Cornell University, in partnership with the New York Apple Growers, a new industry group, has developed two new apple varieties of apples, SnapDragon and RubyFrost, that will be available this fall at a few farmers markets.
The apples were developed by Cornell University breeder and Horticulture Professor Susan Brown. They are being grown by 140 apple farmers throughout New York State.
The two varieties have been a decade in the making, and how they’ve gone to market is a first for the Cornell apple-breeding program and the New York apple industry, according to a press release from Cornell.
Historically, public universities developed new apple breeds and released them to the industry freely. But in 1980, the Bayh-Dole Act gave universities the ability to retain the intellectual property rights for their research, with limited plant-based royalties.
In May 2010, Cornell forged a partnership for a managed release with New York Apple Growers (NYAG), an industry group, to establish an exclusive licensing agreement in North America for the two apple varieties. Growers pay royalties on trees purchased, acreage planted and fruit produced, and the income is used to market the new varieties and support Cornell’s apple-breeding program.
Trees aren’t available to home gardeners.
Farmers sign an agreement to buy trees from the growers. Many of the 140 farmers who have signed on have been growing the apples since 2011, while some farmers are just starting to grow them now, according to Robin Leous, business manager at NYAG.
The crop isn’t large enough to sell retail yet, but you can find some of the new apples at farmers markets this fall, she said. See the attached list of farmers markets across the state that will sell the new varieties of apple. Leous expects a limited supply to be in supermarkets next year, and the new varieties should be widely available in 2015.
SnapDragon gets its juicy crispness from its Honeycrisp parent, and it has a spicy-sweet flavor that was a big hit with taste testers, according to the Cornell press release. It may be a popular apple for snacking, especially for children.
Brown, the breeder, said she recognized its promise and fast-tracked it for commercialization.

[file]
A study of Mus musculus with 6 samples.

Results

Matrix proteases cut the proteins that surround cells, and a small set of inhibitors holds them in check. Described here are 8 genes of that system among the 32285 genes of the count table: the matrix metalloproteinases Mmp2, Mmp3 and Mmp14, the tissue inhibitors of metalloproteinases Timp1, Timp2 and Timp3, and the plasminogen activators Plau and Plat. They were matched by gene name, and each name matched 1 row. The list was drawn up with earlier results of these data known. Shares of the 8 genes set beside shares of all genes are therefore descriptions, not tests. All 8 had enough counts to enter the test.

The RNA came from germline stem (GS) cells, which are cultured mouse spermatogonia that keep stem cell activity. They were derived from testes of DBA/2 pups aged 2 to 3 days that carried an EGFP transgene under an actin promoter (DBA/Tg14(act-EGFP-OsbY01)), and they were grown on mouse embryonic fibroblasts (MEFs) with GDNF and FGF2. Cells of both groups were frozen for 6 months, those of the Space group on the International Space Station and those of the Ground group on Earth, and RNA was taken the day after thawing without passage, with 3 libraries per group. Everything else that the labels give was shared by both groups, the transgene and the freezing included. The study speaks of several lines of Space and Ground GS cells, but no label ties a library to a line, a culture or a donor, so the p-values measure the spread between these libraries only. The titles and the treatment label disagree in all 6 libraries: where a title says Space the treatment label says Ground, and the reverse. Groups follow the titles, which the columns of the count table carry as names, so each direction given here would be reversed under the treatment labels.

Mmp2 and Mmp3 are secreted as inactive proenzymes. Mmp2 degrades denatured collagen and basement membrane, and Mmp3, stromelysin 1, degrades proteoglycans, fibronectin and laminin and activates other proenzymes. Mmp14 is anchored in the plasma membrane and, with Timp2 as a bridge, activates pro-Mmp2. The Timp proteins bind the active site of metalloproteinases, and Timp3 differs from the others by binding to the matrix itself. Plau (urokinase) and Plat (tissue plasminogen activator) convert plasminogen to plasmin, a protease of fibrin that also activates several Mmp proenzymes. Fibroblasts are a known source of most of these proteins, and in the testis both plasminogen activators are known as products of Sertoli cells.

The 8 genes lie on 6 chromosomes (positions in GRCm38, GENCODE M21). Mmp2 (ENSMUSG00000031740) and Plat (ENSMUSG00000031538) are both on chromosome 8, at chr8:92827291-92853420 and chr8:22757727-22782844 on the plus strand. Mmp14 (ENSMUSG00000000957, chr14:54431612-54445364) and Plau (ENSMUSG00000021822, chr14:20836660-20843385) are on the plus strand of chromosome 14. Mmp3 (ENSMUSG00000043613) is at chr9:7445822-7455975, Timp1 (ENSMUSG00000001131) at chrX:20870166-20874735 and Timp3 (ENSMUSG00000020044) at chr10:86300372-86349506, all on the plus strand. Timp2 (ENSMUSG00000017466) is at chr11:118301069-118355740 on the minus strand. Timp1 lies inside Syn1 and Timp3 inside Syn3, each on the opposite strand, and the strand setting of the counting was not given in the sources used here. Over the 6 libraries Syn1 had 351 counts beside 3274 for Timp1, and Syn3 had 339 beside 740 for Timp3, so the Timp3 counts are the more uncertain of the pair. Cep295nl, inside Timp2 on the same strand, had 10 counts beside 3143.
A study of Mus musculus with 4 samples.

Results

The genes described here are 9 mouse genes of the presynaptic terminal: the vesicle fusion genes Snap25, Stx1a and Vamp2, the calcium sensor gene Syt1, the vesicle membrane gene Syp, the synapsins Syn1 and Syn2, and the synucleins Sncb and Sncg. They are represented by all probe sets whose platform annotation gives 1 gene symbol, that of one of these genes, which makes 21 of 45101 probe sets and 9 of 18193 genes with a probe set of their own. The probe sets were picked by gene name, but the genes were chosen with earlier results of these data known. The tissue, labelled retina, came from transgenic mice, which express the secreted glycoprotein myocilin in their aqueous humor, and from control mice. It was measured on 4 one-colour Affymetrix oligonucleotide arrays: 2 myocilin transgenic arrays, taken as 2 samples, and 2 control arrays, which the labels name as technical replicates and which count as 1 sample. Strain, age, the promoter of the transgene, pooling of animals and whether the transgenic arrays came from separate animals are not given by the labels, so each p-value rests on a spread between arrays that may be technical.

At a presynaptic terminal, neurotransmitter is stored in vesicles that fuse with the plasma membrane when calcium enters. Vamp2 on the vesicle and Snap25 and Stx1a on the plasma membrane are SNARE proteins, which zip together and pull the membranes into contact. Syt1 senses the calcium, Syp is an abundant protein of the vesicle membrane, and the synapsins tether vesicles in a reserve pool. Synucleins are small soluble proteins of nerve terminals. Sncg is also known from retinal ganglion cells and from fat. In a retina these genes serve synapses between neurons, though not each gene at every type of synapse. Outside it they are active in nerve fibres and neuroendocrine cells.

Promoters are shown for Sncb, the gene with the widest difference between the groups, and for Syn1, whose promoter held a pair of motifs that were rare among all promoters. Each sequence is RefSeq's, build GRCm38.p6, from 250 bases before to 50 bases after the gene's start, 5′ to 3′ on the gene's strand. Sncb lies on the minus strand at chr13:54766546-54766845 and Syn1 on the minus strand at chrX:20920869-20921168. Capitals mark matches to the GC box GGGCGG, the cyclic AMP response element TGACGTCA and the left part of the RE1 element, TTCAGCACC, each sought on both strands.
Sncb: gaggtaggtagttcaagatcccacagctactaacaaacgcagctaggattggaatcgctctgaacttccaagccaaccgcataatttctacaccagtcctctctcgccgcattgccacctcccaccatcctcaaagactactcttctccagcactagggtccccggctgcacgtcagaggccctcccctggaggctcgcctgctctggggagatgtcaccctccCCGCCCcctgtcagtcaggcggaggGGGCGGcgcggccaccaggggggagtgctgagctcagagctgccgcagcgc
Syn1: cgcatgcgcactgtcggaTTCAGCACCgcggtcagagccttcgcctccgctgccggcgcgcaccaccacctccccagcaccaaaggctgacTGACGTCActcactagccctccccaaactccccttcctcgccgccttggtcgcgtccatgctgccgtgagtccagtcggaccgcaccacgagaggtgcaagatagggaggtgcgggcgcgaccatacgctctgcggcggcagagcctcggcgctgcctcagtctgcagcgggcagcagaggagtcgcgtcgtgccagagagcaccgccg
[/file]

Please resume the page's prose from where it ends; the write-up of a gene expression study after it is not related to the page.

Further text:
“I remember my very first bite of SnapDragon,” Brown said. “The taste, the crispness and the juiciness impressed us. Retailers will appreciate its other qualities as well, because although SnapDragon’s harvest window starts relatively early – in late September – its long storage and shelf life means retailers may be able to offer it with consistent quality for a longer time than Honeycrisp.”
RubyFrost, which ripens later in the fall and stores well, will provide a boost of vitamin C well into winter. Brown expects it will be popular with fans of Empire and Granny Smith.
“I think juicy and refreshing when I eat a RubyFrost,” said said Mark Russell, an apple grower and NYAG member. “It’s a fascinating apple, with a beautiful skin and a nice sugar-acid balance, but to me the crisp juiciness is rewarding every time.”
In addition to SnapDragon and RubyFrost, Cornell has released 66 apple varieties since the late 1890s, including the popular Cortland, Macoun, Empire and Jonagold. Brown herself has brought consumers the highly popular Fortune and Autumncrisp varieties, as well as 10 sweet cherry and one tart cherry varieties.
Greater quality, better storage, and disease and insect resistance have long been the goals of Cornell’s apple breeding program.
Update: A reader had a question (see below) about how to tell SnapDragon and RubyFrost apart. Robin Leous sent along this closeup photo of SnapDragon, and you can see her explanation below in the comments section.